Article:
New research from the Federation of Small Businesses has revealed the scale of problems that firms are facing when it comes to using online marketplaces such as Amazon, eBay and Facebook.
After the busy festive period, small firms are reliant on these online platforms to succeed but are dealing with a number of barriers to growth and trading around the world.
Small businesses use online platforms for cross-border trade because they help to promote their products in untapped markets at a reduced risk, raise brand awareness, foster consumer trust, and reduce the associated costs with internationalisation.
- One in five small firms who digitally trade (20 per cent), do so using online marketplaces such as Amazon and Facebook
- Small businesses’ experiences using online platforms is not without problems, with the most commonly reported problems being fake reviews (21 per cent) and sudden changes to terms and conditions (19 per cent)
- More than a third (38 per cent) of small firms say that local delivery problems for tangible goods is their top problem affecting their exports
- Non-tariff barriers, such as local taxes and regulations, are the top barrier for exports when it comes to intangible goods and services
- Germany, France, Ireland and the US are the priority markets for exporting small firms
Claire Reading, Federation of Small Businesses (FSB) development manager for South Yorkshire, East Yorkshire & the Humber,said: “Digital trade is taking the UK small business community by storm. Businesses are using the online opportunities being offered to them to grow and expand their firms. But huge difficulties lie ahead.
“When small firms trade digitally across the world, they are highly exposed to global market forces and disruptions to trade flows.
“It’s vital that Government both listens to small businesses about their exporting needs and considers them as part of any response to the ongoing digital trade revolution.
“Domestically, this means having access fast and reliable broadband and mobile coverage across Yorkshire and the Humber, but also requires upskilling employees’ and business owners’ digital skills.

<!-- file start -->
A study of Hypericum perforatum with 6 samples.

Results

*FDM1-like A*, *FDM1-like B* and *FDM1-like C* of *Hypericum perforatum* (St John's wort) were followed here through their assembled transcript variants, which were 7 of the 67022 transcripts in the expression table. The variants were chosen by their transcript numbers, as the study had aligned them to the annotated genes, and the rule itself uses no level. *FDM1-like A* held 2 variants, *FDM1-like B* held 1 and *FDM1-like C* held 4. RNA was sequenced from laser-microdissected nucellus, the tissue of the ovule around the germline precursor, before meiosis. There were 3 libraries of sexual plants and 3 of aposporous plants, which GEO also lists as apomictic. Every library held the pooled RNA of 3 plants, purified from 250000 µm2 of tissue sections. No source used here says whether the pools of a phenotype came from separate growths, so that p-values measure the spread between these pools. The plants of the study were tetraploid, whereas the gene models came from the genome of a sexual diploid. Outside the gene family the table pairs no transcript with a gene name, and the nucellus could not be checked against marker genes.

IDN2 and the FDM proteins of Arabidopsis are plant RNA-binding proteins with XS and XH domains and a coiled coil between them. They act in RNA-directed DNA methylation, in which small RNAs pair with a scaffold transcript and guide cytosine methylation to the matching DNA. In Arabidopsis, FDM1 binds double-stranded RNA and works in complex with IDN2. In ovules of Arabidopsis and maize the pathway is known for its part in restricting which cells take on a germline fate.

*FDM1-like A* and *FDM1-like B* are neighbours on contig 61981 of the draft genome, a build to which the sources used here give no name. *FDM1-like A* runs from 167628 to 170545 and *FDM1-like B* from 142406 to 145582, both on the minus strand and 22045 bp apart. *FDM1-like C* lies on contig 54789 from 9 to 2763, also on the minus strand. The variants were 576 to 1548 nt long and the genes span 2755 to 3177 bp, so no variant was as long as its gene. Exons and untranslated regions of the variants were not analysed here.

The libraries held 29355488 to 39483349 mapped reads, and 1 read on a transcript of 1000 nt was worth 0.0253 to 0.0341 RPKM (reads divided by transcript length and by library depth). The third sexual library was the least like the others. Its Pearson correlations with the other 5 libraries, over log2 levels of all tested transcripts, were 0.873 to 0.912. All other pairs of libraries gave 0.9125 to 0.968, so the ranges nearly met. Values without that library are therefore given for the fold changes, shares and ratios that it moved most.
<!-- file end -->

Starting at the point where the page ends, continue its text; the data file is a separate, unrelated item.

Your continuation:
“Internationally, this will require the government to push to remove barriers to digital trade encountered in overseas markets, such as data localisation measures and weak intellectual property protections, at both the WTO and in the government’s future bilateral trade negotiations.
“At the moment, around 20 per cent of current small business exporters and importers use online platforms to trade internationally, but this could expand hugely if the environment for them was improved.
“Crucial to small firms are websites like eBay, Amazon and Facebook who are central to advertising, sales, and their exporting aims.
“However, small businesses’ use of online platforms is not without problems, and still too many encounter problems such as fake or malicious reviews, problems with intellectual property, and sudden delisting of their products. We would urge the Government to monitor these trends in small businesses’ use of online platforms as the e-commerce market continues to expand.
“Small and micro-business owners are ready to take on the opportunities presented by the global digital economy and are on hand to unlock the benefits of the cross-border digital economy, but this can only work if the markets and tools available are welcoming to them.”